The American Academy of Pediatrics (AAP) announced yesterday that it will begin issuing the recommendation that parents should read aloud to their children from birth. This is the first time the Academy has officially weighed in on early literacy education. This new policy is part of a collaborative effort of the AAP, Too Small to Fail, Scholastic Inc., and Reach Out and Read to raise awareness among parents about early language development.
There are only 2,000 days between a child’s birth and the time that child enters kindergarten, and 90% of brain development happens in those first five years. Early literacy is a crucial part of a child’s development, and reading to children enhances vocabulary, builds important communication skills, and gives them the tools they need to be successful in school and in life.
But many low-income children are exposed to very little reading before entering school, and in fact, studies show that by age 3, children from more affluent families are exposed to 30 million more words than children from families receiving public assistance. Unfortunately, it’s easy to understand how the achievement gap is evident long before children start school.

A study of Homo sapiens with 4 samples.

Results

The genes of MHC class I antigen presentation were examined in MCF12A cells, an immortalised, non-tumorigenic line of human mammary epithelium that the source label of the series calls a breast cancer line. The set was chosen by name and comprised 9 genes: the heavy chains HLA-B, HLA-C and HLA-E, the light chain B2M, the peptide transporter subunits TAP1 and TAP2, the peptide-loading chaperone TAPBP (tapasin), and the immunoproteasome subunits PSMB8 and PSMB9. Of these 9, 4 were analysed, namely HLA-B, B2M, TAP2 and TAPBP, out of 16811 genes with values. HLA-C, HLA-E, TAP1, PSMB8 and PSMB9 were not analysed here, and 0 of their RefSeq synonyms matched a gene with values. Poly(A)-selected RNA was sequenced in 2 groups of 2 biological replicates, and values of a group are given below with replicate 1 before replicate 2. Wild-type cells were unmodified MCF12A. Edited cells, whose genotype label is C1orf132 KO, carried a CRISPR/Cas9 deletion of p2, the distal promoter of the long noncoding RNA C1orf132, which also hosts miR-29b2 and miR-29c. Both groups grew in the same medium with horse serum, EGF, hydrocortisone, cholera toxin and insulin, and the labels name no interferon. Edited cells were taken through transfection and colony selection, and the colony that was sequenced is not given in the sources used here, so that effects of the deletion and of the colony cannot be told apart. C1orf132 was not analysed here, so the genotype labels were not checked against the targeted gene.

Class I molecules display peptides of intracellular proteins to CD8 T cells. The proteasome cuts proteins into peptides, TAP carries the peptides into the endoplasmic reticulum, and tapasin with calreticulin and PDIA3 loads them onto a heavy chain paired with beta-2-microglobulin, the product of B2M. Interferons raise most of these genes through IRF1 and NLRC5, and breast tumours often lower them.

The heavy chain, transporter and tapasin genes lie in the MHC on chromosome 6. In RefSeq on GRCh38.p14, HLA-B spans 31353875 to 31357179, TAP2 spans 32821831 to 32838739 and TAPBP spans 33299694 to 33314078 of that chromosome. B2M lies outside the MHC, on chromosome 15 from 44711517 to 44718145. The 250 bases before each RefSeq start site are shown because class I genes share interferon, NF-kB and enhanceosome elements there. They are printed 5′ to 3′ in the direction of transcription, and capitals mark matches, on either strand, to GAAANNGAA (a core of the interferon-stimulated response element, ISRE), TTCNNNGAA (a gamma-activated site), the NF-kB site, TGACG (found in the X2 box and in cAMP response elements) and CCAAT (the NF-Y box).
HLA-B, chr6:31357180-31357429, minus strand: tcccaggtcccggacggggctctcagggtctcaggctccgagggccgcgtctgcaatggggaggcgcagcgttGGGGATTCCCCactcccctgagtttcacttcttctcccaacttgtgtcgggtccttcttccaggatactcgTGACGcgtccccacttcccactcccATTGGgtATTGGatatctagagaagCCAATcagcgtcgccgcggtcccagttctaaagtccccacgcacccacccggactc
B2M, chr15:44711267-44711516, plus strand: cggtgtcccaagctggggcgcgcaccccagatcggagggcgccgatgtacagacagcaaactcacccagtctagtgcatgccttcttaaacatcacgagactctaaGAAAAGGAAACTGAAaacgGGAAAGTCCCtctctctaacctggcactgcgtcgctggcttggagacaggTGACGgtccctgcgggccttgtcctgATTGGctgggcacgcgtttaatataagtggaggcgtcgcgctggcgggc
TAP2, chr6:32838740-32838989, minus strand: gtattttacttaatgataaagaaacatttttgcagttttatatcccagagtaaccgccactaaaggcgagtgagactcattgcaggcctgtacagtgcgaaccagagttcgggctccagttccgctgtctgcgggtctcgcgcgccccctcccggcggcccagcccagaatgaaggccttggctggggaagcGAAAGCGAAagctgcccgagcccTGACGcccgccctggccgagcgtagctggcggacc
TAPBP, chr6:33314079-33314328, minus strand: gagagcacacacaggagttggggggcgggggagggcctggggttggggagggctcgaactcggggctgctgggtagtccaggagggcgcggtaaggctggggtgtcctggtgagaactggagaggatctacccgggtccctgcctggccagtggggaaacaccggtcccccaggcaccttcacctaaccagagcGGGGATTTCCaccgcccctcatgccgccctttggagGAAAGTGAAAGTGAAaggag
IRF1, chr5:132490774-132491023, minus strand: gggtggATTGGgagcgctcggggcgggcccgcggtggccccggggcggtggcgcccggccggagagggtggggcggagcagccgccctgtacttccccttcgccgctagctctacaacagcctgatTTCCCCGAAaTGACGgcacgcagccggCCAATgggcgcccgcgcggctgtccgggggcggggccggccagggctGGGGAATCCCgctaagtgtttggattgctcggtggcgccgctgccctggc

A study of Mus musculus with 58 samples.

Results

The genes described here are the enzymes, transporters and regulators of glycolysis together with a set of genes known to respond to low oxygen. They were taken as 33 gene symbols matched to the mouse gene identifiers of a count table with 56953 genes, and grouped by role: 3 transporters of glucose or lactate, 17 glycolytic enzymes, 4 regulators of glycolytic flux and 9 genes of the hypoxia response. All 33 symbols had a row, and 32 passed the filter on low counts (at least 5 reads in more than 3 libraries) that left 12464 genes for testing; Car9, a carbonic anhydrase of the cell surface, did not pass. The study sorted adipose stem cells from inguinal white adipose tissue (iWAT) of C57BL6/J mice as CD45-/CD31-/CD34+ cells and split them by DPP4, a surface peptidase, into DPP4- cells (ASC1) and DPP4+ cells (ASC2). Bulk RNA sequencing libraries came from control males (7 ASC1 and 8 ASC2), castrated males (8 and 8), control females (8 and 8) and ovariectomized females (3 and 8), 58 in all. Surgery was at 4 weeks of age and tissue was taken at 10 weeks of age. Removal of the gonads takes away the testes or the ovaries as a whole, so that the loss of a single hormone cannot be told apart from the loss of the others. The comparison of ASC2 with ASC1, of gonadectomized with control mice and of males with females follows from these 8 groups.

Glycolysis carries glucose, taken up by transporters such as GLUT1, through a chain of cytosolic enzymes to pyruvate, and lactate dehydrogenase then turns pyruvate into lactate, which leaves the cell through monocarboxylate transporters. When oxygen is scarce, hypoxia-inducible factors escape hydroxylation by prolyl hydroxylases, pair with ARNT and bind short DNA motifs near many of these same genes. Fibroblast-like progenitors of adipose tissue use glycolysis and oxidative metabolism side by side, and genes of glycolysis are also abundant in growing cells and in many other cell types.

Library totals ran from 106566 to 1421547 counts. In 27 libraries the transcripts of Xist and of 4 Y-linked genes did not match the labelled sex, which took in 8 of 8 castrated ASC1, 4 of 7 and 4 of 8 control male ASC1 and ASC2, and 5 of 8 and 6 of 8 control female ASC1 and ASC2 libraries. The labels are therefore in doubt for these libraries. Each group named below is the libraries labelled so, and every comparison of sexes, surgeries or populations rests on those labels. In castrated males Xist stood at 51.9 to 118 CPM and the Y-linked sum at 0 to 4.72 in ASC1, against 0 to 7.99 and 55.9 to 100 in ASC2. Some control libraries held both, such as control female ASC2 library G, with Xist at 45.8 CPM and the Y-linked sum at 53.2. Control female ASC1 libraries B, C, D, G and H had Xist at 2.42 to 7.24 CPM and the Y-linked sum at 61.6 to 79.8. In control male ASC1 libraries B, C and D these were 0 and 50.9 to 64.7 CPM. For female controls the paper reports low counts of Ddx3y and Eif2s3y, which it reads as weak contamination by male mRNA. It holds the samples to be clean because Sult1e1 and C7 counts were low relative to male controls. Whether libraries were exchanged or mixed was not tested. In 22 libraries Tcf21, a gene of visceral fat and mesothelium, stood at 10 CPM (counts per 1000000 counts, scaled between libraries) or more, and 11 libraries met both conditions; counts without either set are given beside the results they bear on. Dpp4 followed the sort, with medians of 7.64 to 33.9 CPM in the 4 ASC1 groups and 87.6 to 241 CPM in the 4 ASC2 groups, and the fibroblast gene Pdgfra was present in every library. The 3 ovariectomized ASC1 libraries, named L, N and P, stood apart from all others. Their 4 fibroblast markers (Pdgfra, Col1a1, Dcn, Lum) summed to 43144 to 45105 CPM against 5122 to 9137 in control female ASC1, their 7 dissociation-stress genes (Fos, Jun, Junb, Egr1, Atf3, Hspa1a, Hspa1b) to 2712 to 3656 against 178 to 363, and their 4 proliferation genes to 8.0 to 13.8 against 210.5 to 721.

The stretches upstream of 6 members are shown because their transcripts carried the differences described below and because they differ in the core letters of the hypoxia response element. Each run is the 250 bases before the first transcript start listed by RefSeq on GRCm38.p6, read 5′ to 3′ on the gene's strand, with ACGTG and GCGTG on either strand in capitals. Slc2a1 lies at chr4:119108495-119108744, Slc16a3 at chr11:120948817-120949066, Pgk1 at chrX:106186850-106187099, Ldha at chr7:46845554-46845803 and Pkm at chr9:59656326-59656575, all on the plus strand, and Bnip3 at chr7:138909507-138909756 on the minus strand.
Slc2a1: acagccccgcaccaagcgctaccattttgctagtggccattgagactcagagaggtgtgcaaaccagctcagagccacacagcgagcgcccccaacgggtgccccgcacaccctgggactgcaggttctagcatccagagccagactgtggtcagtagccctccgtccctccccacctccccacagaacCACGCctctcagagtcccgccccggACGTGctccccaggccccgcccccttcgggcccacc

The AAP hopes to close this gap by asking its 62,000 members to become powerful advocates for reading aloud by encouraging parents each time they visit their child’s doctor to read early and often.
According to the AAP, the effort takes a multi-pronged approach toward equipping parents with the best tools to ensure that their children are prepared to learn and ready to enter school:
To read more about the AAP’s recommendations, please click here. If you are interested in helping to inspire a love of reading through our Readers as Leaders volunteer program, please click here or contact Krissy Dunn.